Currently, there is $1.67 trillion in total outstanding student loan debt in this country. In fact, student loan debt is the second-largest class of consumer debt in the US, trailing only mortgage debt which is near $10 trillion.
Recent data from LendEDU, a financial services company, found that the average student loan borrower owes $28,565 in student loan debt after leaving their respective college campus and entering the working world. For most young adults, student loan debt is a financial burden they will be paying off for a decade at least.
And, there are currently 44.5 million student loan borrowers in the US.
For the most part, we as a nation watched as the cost of college continued to climb and the student loan debt bubble continued to grow uncontrollably. Only in the last few years did we start to see the dual issues of the cost of higher education and rising student loan debt garner the national attention they have long deserved.
Even presidential contenders in the 2020 race brought up student loan debt within the first 20 minutes of debates, whereas before the issue would be lucky to catch even a few minutes of time.
With student loan debt creating an extremely difficult financial burden for more young Americans than ever before, there is no better time for employers to begin offering student loan repayment employee benefits to help attract and retain the best talent.
This is especially true right now as the coronavirus pandemic has hampered the finances of so many consumers, and many are struggling with student loan debt payments. For example, a report from LendEDU found that 55% of adult Americans with student loan debt are worried about their ability to meet monthly student loan payments due to the pandemic and its impacts.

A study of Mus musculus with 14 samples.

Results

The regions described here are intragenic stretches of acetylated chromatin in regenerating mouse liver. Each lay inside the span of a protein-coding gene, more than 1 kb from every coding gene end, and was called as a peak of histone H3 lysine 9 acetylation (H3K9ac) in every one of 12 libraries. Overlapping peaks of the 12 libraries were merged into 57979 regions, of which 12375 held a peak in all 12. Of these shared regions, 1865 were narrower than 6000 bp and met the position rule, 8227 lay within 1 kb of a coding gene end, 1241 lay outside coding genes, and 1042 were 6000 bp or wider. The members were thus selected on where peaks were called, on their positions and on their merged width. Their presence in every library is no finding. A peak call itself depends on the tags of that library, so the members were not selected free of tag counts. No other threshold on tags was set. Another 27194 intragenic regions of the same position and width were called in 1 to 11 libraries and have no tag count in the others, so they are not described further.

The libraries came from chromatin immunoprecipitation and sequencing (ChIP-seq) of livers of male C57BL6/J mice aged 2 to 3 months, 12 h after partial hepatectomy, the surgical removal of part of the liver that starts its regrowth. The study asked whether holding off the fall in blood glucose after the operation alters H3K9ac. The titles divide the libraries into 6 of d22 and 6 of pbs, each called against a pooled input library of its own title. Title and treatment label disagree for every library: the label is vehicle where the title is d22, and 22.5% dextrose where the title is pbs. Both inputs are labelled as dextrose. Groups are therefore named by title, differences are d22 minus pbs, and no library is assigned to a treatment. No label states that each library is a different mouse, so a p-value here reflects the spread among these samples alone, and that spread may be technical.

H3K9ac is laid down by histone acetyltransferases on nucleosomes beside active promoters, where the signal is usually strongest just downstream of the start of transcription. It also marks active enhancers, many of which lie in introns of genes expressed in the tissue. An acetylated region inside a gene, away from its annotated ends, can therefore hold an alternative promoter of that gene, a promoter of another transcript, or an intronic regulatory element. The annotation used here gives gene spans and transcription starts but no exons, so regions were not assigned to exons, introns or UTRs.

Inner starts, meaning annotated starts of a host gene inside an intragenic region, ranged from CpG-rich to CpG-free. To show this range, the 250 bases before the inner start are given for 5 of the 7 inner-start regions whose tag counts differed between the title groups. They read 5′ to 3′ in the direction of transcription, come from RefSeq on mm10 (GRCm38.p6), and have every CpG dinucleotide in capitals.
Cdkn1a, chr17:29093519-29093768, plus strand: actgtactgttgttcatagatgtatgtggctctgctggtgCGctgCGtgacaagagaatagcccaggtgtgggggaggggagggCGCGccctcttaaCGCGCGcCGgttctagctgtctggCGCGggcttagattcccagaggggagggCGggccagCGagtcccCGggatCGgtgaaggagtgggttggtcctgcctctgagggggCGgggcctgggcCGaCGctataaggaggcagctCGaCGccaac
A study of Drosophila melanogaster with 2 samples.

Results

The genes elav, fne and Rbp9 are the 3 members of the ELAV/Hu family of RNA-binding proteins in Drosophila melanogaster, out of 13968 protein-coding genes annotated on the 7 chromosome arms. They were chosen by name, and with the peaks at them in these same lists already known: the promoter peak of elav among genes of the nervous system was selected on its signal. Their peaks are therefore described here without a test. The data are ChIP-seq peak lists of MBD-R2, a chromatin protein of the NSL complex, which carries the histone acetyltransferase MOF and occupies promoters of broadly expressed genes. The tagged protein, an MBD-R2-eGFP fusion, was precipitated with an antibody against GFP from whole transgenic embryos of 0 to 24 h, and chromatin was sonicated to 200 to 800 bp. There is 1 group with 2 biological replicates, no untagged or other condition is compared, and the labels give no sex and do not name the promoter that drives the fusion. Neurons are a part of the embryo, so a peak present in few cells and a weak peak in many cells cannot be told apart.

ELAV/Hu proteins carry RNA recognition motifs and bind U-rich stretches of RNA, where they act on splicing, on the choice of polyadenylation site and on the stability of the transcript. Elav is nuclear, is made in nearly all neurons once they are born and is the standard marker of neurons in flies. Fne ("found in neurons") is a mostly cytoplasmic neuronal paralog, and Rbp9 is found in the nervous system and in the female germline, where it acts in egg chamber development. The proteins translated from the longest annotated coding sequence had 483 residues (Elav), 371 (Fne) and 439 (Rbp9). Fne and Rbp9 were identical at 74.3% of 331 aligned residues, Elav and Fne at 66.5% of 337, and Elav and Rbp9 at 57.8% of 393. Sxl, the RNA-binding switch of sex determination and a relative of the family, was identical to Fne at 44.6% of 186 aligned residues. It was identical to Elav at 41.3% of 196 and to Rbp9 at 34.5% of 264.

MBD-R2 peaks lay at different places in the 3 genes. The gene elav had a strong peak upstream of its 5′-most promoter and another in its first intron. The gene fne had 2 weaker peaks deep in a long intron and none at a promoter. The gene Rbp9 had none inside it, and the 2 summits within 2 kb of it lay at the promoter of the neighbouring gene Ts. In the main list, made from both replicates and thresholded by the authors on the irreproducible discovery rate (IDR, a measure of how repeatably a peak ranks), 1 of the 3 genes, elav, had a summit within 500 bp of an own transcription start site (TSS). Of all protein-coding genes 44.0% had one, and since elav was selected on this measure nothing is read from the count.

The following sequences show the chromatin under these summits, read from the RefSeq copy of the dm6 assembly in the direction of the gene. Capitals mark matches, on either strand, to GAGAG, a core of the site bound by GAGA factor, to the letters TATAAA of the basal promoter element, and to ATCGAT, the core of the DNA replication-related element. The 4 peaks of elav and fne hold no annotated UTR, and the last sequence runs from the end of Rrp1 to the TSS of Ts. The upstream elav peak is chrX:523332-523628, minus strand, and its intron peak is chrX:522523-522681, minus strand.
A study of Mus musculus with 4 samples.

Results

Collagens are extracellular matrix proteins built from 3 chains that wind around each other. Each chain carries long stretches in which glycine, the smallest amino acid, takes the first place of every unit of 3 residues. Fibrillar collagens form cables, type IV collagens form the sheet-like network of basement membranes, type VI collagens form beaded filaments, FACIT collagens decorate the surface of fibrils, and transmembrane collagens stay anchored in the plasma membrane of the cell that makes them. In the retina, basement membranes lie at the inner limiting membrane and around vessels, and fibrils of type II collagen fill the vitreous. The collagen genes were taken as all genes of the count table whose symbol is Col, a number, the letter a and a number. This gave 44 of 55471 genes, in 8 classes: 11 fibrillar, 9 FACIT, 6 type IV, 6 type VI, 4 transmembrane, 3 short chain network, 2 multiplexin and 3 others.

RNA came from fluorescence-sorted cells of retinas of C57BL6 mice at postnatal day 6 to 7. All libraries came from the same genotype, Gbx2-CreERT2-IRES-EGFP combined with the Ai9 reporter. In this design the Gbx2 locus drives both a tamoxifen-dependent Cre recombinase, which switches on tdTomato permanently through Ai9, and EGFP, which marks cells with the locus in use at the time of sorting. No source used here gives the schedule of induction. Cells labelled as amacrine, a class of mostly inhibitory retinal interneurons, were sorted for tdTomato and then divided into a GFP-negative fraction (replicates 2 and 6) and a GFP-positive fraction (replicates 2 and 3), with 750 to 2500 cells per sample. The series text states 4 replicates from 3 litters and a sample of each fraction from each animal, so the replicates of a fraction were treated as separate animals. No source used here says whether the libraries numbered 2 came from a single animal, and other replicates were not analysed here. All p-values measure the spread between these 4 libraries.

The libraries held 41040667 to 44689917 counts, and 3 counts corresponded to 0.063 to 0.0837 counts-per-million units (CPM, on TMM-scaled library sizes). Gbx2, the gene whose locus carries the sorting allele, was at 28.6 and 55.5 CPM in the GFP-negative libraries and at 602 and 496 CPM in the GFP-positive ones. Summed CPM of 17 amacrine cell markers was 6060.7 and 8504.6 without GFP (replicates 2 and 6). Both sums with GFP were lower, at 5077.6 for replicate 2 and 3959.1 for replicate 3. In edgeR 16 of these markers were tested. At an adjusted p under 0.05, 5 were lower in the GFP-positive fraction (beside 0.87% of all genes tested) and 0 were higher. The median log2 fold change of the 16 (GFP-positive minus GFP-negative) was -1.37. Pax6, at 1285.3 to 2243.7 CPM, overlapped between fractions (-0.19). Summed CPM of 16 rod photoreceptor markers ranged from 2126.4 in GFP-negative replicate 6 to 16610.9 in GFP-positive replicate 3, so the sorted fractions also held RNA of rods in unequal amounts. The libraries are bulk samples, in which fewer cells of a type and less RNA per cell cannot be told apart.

Another report from LendEDU found that among 1,000 federal student loan borrowers, 54% would not have been able to make their very next student loan payment had coronavirus relief from the government not come.
Employers have a unique opportunity to step in with their financial resources to offer a student loan repayment benefit to potential employees. The way it would work is quite simple and very similar to an employer 401(k) match.
Each month, an employer makes a tax-free student loan payment worth a few hundred dollars to an employee’s student loan account. There are already companies, like Goodly, which specialize in this type of benefit and will set up the payment infrastructure for your business.
By offering this employee benefit, employers will have a leg-up on the competition when it comes to hiring the best young talent, and there’s proof of this.
A LendEDU survey of 1,000 student loan borrowers found that 58% of them would prefer a student loan employee benefit over additional vacation days. Another 71% said an employer offering a student loan benefit is either “very important” or “somewhat important” when that job is under consideration.
Finally, 58% of respondents said their employer offering a student loan benefit is either “very important” or “somewhat important” when deciding whether to remain at that job.
A student loan repayment employee benefit is one of the most relevant and innovative ways for employers to attract and retain the top industry talent. The student loan debt crisis calls for it and the data supports it.